Getty Buys a Lavinia Fontana

Lavinia Fontana, The Wedding Feast at Cana, about 1575-1580. J. Paul Getty Museum

The Getty Museum has acquired Lavinia Fontana's The Wedding Feast at Cana from New York dealer Nicholas Hall Ltd. Fontana (1552-1614) is often described as the first woman painter in Europe to make a living from her art. She was the daughter of a noted artist (Prospero Fontana) and married to an otherwise obscure artist (Paolo Zappi) who became her assistant and dealer. Lavinia gave birth to 11 children while finding time to earn a doctorate at the University of Bologna. Best known for her portraits, she also treated the multi-figure religious themes that were the most prestigious subjects for Renaissance artists. After her father's death, Fontana moved to Rome, enjoying the support of Popes Clement VIII and Gregory XIII.

The Wedding Feast is oil-on-copper, 18-5/8 by 14-1/4 inches. The Flemish artist Denys Calvaert, who studied with Prospero, is credited with introducing the use of copper as a painting support in Bologna. Lavinia adopted the medium and excelled in the employment of thin, colorful glazes on smooth metal. The Wedding Feast illustrates the tale of Jesus turning water into wine. The composition represents the apex of Bolognese mannerism with its balletic figures, iridescent drapery, and an eccentric staircase. 

There are something like 15 Lavinia Fontana paintings in American museums. Three are at Baltimore's Walters Art Museum. In 1902 railroad tycoon Henry Walters purchased three Fontana paintings as part of the 1700-piece collection of a Roman palazzo. It's not clear how much Walters knew or cared about Fontana. Most of the other Fontana paintings in U.S. institutions have been acquired in the past few decades in a strategic effort to boost representation of women artists. The Getty's Fontana buy follows last year's purchase of an Artemisia Gentileschi painting and a Adélaïde Labille-Guiard pastel.

Lavinia Fontana, The Holy Family with Saint Catherine of Alexandria, 1581. LACMA. Here Lavinia uses her husband's name in her signature (lower left, on Catherine's wheel)

This makes two Lavinia Fontanas for L.A. LACMA, which organized the pivotal 1976 show "Women Artists: 1550-1950," bought Lavinia's oil-on-canvas Holy Family in 2011. An Ahmanson Foundation grant of $1.75 million funded the purchase. The Holy Family shows a later development of the artist's style incorporating the influence of the Counter Reformation and the Carracci academy. (Incidentally, there's a portrait by Lavinia's dad in the Norton Simon collection.)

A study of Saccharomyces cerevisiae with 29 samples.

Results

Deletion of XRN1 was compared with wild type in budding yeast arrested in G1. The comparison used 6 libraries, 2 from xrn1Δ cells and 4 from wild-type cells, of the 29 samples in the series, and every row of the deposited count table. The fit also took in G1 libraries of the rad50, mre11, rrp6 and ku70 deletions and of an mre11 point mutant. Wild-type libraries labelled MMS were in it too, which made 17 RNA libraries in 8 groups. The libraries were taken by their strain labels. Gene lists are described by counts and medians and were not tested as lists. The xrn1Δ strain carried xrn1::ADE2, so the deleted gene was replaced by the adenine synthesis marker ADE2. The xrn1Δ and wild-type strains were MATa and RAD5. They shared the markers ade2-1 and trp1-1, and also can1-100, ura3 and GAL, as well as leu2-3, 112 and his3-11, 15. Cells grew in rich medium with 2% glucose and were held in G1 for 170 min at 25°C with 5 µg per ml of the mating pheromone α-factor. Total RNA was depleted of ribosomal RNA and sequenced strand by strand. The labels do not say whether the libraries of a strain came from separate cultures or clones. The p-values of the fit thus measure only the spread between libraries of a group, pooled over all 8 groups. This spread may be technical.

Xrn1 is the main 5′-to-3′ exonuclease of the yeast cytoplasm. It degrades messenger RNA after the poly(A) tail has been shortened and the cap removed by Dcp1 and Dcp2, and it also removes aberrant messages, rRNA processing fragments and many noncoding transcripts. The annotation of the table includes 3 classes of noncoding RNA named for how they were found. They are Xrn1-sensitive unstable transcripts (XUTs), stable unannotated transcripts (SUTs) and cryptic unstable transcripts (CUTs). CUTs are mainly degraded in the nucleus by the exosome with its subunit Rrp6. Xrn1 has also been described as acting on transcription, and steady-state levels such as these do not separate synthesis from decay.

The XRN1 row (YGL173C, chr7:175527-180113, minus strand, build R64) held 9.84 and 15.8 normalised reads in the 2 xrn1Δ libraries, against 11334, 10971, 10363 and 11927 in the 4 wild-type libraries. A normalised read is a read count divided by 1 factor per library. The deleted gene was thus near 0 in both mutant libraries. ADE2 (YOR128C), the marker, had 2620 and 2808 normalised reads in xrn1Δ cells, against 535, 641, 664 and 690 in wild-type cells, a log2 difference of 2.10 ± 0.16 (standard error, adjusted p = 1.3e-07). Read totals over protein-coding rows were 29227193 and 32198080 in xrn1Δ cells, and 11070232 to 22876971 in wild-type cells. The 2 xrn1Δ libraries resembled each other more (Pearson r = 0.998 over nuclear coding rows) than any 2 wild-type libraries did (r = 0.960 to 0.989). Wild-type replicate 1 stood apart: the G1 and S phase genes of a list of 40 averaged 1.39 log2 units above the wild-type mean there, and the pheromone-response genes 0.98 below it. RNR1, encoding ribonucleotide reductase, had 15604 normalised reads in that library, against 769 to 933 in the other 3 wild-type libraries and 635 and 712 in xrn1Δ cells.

At the Getty, The Wedding Feast augments a group of Bologna School paintings that include examples by Nosadella, Ludovico Carracci, Guido Reni, Domenichino, Guercino, and Guido Cagnacci. The Nicholas Hall website says The Wedding Feast has been requested for a 2023 Lavinia Fontana exhibition at the National Gallery of Ireland. 

The Wedding Feast at Cana as shown at Nicholas Hall
UPDATE: La Tribune de l'Art reports that the National Gallery of Art, Washington, has itself just bought a Lavinia Fontana, a portrait. 


Exquisite picture. And ample size for a copper support. Well done, Getty.

My favorite old master picture at the Met is on copper: Rubens's brilliant "Portrait of a Man, Possibly an Architect or Geographer" of 1597.

Another copper, which the Met recently received as a gift, and which has transformed our Poussin collection: his "The Agony in the Garden" of 1626–27. The picture's size is monumental [for copper] at 24 1/8 × 19 1/8 in. (61.3 × 48.6 cm).

And I hope Getty sends that hellacious frame to the Good Will. It has no business being anywhere near Fontana's Mannerist picture.
Unknown said…
Ted, the picture is not yet on view since we are waiting to replace the frame with a period one, which we've already chosen.
Anonymous said…
^ I think you need to first replace the frame on the Giovanni Segantini. At least the Fontana work's current frame (or what's shown in the photo at Nicolas Hall) seems more suitable for the painting's style and period than the "Shaker-esque" one is for the Segantini.

I think Ted G liked that one, however - my opinion is flip flop from his - so I have to respectfully disagree.
The artist’s exceptional ability to depict the color gray/silver in all its tonal range is evident. Note the transparency of the silver plates, at left. The top row of plates shows the silver is fully fugitive, sadly.
Love love the teals at lower left, and lower right. Great coloration overall.
Above, re "the picture is not yet on view": I hope you will post a pic of the framed work on-line when it's finished.
For those who may be interested, here's an informative report:

Brief history of Mannerist frames.

Anonymous said…
^ The amount of skill and talent that goes into the creative process - from A to Z - always makes me feel hack. Someone has to design an object (a frame, painting, auto, house, copier machine, jewelry, tool, factory, building, etc), fabricate it, then assemble it.

If such things were dependent on folks like me, civilization wouldn't have gone much beyond grass huts or the Stone Age.